Thanks to the foresight of Toby Saks, founder of the Seattle Chamber Music Society, the Winter Festival opened smoothly on Friday night at Nordstrom Recital Hall, the musicians in fine form, the hall full.
The festival was dedicated to Saks, who died last August; but a couple of years earlier she had turned over the artistic directorship of the society to violinist James Ehnes, a frequent performer with it.
However, what gave this festival its undeniable popularity among chamber musicians was the family feeling she engendered among its artists and the board members who housed them, by opening her large house for rehearsals, providing good and abundant food (she hired a chef for the duration), and by the ensuing camaraderie.
The festival goes on the same, its artistry in Ehnes’ capable hands and with the camaraderie, the open house and the food (chef and all) as usual, the last two thanks to Saks’ husband, Dr. Martin Greene.
- Mariners prospect hit by boat dies at age 20
- Costco will buy most farmed salmon from Norway, not Chile
- Low wages for aerospace workers despite tax breaks for employers
- Let's cut traffic by road rationing, Italian style
- A mom's tweet about Oreos in school stirs up culture wars
Most Read Stories
This Winter Festival has been expanded to two weekends, seven concerts in all, and Friday night it began with the usual free recital played by violinist Benjamin Beilman and pianist Rohan De Silva.
They began with Beethoven’s Sonata in D Major, Op. 12, No. 1, in a spirited performance that well-displayed the musical artistry and impeccable technique of both. Beilman draws a deep, velvety tone from his instrument, his vibrato unobtrusive but varied according to the need of the music. De Silva, a newcomer to the festival but well-known in the field as a consummate collaborator, was in perfect harmony with Beilman.
The concert that followed had Schumann’s Trio for violin, cello and piano in D Minor, Bartok’s Sonata No. 2 for violin and piano, and Dvorak’s Quintet for Strings in G Major — the original version with five movements, Op. 18. The unquestioned highlight was the Bartok, whose work is a special focus of this festival.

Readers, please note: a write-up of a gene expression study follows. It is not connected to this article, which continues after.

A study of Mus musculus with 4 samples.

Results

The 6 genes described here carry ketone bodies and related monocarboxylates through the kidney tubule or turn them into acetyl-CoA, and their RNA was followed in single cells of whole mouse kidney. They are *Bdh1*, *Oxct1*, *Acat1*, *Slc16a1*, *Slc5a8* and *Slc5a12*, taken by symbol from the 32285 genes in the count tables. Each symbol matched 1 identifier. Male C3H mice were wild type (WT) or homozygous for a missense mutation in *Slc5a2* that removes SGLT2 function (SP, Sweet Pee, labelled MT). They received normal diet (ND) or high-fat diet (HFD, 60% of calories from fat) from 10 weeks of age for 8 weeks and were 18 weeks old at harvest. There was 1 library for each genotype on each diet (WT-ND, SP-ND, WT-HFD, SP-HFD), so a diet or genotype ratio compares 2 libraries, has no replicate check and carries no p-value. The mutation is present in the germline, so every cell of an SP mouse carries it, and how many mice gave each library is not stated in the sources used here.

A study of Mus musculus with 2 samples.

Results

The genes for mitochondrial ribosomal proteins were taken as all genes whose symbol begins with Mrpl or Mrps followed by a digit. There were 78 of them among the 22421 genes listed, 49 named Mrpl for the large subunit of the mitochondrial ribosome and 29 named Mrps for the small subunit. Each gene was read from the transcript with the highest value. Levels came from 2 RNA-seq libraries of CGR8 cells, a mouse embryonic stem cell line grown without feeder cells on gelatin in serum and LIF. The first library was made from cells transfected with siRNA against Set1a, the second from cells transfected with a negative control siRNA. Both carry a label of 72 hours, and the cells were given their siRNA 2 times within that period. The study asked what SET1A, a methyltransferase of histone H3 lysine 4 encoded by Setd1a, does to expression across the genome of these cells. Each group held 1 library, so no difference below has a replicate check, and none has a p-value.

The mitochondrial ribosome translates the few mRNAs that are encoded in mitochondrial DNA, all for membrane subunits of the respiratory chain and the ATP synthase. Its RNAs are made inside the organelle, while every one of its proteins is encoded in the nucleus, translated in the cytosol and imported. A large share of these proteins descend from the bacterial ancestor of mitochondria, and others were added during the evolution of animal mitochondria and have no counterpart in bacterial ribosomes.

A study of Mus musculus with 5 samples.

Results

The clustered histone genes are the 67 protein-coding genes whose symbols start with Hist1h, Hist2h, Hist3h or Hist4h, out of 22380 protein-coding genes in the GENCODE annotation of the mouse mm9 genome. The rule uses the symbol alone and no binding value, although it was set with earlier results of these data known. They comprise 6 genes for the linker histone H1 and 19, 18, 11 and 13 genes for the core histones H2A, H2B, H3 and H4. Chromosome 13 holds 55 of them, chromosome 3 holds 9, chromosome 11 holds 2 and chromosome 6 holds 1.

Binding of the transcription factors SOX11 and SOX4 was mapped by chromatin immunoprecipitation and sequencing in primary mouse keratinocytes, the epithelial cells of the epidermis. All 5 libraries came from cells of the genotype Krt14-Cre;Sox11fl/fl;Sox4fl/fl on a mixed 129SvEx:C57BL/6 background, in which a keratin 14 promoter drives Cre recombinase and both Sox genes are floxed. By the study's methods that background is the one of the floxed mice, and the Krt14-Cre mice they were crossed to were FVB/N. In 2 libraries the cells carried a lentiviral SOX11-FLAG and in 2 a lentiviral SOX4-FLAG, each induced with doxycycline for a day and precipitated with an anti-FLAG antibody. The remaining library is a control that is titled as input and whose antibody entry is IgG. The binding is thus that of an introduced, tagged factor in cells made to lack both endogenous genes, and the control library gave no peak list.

His sonata isn’t an easy work to take in. Bartok had absorbed some of the winds of serialism and polytonality blowing strongly in the 1920s, and this sonata includes both. But at the same time it has his undeniable sense of melody and rhythm. It requires musicians who understand it from the inside to put it across to an audience, and violinist Ida Levin and pianist Max Levinson did, so much so that the audience cheered its approval at the end.
The Schumann, played by Beilman and De Silva with cellist Julie Albers, is one of only three he composed in this format. The piano has the lead role, and the cello is largely subjugated, doubling the piano, although De Silva never overwhelmed the two strings. It’s a passionate, lively work, and the musicians played it with verve.
Lastly, Ehnes, with newcomer violinist Ruth Palmer, violist Richard O’Neill, cellist Bion Tsang and double bassist Jordan Anderson, wrapped up the concert with the Dvorak Quintet. There are not that many quintets with double bass, and this one uses the bass as a firm anchoring line throughout.
It was striking during this entire concert how well-rehearsed the musicians were, given they only came together earlier in the week.
It bodes well for the rest of this festival and for the future. Saks would be proud.